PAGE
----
Remaining safe in the summer months to come

BELMONT COUNTY — Although summer months bring beautiful days, blooming flowers, abundant sunshine and outdoor activities, they may also usher in periods of unpredictable weather, including harsh thunderstorms, flash flooding and destructive tornadoes.

Weather can be unpredictable at times and change frequently, so knowing the proper protocols for severe weather safety can be vital to remaining safe during these summer months.

Dave Ivan, director of the Belmont County Emergency Management Agency, advises residents to regularly check the forecast to see what is predicted for the days ahead and to pay attention to weather reports. Residents can sign up for local emergency notifications or download a weather application to stay updated.

Storms can be prepared for by trimming or cutting down trees and branches that could potentially fall, inflicting damage to people or property.

Thunderstorms may not always be extreme, but they can be dangerous. It is a good idea to stay indoors while thunderstorms are in the area.

Ivan said that residents should remember: “When thunder roars, stay indoors.”

Never hide underneath a tree, Ivan said. In the worse case scenario, if indoor shelter is unavailable, get into a car. A lightning strike is lessened by the structure, he said.

“If you can hear it, it’s close enough to hit. Lightning can strike 10 miles from a storm,” Ivan said.

If caught driving in a thunderstorm, the National Weather Service advises motorists to keep a firm grip on the vehicle’s steering wheel for control and, if possible, point the vehicle into the wind to minimize the risk of the vehicle overturning. Always make sure to look up, avoid trees, power lines and other objects that can potentially fall.

Ivan advises that every individual and family have a plan set in place in case of a severe weather occurrence, including thunderstorms, flooding and tornadoes.

He said that when a tornado warning is issued, stick to the lowest part of the structure you are in and hunker down.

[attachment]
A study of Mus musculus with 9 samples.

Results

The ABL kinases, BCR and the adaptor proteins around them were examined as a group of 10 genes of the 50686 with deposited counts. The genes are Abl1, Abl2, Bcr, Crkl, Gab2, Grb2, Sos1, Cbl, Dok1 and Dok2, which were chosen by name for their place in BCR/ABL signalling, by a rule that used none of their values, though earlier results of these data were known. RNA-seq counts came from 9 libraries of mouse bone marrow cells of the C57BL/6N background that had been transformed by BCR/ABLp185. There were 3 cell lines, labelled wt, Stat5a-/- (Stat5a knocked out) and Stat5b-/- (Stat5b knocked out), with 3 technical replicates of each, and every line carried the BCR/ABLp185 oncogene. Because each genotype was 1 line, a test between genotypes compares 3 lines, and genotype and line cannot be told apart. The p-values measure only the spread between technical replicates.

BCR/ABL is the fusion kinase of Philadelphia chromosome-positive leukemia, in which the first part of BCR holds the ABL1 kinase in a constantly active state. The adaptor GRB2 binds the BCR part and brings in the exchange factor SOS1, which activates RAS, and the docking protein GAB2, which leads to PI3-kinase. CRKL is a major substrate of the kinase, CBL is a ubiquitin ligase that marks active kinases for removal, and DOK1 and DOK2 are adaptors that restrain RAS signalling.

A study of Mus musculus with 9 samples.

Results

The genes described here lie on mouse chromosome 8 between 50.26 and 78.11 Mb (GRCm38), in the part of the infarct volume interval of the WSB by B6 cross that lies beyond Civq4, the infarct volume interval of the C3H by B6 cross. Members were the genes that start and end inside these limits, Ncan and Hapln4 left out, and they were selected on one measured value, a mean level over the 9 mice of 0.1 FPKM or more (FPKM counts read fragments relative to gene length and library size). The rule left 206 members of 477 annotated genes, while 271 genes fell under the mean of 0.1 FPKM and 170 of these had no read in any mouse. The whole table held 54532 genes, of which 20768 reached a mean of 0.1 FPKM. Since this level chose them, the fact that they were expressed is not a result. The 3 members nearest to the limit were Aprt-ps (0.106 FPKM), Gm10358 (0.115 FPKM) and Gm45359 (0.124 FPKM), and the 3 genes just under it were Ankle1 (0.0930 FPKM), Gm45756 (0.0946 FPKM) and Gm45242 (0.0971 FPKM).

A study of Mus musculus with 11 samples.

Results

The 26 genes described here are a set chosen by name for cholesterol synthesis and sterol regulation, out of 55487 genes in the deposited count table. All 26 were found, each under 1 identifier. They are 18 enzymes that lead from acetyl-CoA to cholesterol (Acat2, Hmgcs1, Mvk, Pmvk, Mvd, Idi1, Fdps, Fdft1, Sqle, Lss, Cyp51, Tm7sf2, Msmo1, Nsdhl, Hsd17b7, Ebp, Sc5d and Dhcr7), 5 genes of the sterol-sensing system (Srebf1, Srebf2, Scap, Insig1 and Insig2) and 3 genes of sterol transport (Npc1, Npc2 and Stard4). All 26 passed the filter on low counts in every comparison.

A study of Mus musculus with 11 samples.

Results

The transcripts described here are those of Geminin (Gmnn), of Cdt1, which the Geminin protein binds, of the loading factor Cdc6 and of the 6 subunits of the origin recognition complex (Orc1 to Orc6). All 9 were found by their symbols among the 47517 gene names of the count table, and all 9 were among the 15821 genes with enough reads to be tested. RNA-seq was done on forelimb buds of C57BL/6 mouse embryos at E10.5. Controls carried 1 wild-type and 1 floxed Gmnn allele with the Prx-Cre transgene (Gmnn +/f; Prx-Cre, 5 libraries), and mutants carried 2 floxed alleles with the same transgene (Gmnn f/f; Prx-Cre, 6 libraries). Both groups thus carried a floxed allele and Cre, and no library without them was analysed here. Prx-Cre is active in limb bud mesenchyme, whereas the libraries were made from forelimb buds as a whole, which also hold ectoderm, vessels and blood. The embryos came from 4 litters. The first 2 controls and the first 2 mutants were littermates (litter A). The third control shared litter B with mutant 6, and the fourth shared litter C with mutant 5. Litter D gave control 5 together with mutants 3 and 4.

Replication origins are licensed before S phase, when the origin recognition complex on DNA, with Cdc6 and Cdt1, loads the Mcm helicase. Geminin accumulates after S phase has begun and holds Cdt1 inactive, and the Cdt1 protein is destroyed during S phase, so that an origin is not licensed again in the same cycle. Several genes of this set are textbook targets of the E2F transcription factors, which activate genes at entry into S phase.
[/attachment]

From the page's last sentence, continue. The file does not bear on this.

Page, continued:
Always pick a safe space in a home away from any windows, such as a basement, storm cellar, or interior room on the lowest floor. Don’t forget pets!

If a person is caught in a vehicle, the best course of action, according the the NWS, is to drive to the closest shelter. If unable to make it to a safe shelter, they recommend getting down in the car and to cover the head; or abandon the car and seek shelter in a low lying area such as a ditch or ravine.

In the case of flash flooding, get to higher ground immediately and avoid flood waters.

Ivan warns drivers “never drive through flooded roadways.” Trying to assume the depth of water can be very dangerous.

Two feet of moving water can carry away most vehicles and six inches of moving water can knock a person off their feet, said the NWS.

If a vehicle is suddenly caught in rising water, exit and leave the vehicle as soon as possible and get to higher ground, if this can be done safely.

Ivan urges everyone to register their cell phone numbers and addresses with Belmont County Code Red.

Belmont County 911 uses Code Red to send emergency notifications by phone, email, and text in order to keep citizens informed of emergencies such as an evacuation notice, utility outage, water main breaks, fire, floods, chemical spills, or other emergency situations.

Severe weather can be daunting, however, being prepared and knowing proper protocols is the best way to encounter a storm and protect residents and their families.

To stay updated on local weather conditions, the Belmont County Emergency Management Agency or the National Weather Service can be followed on Facebook.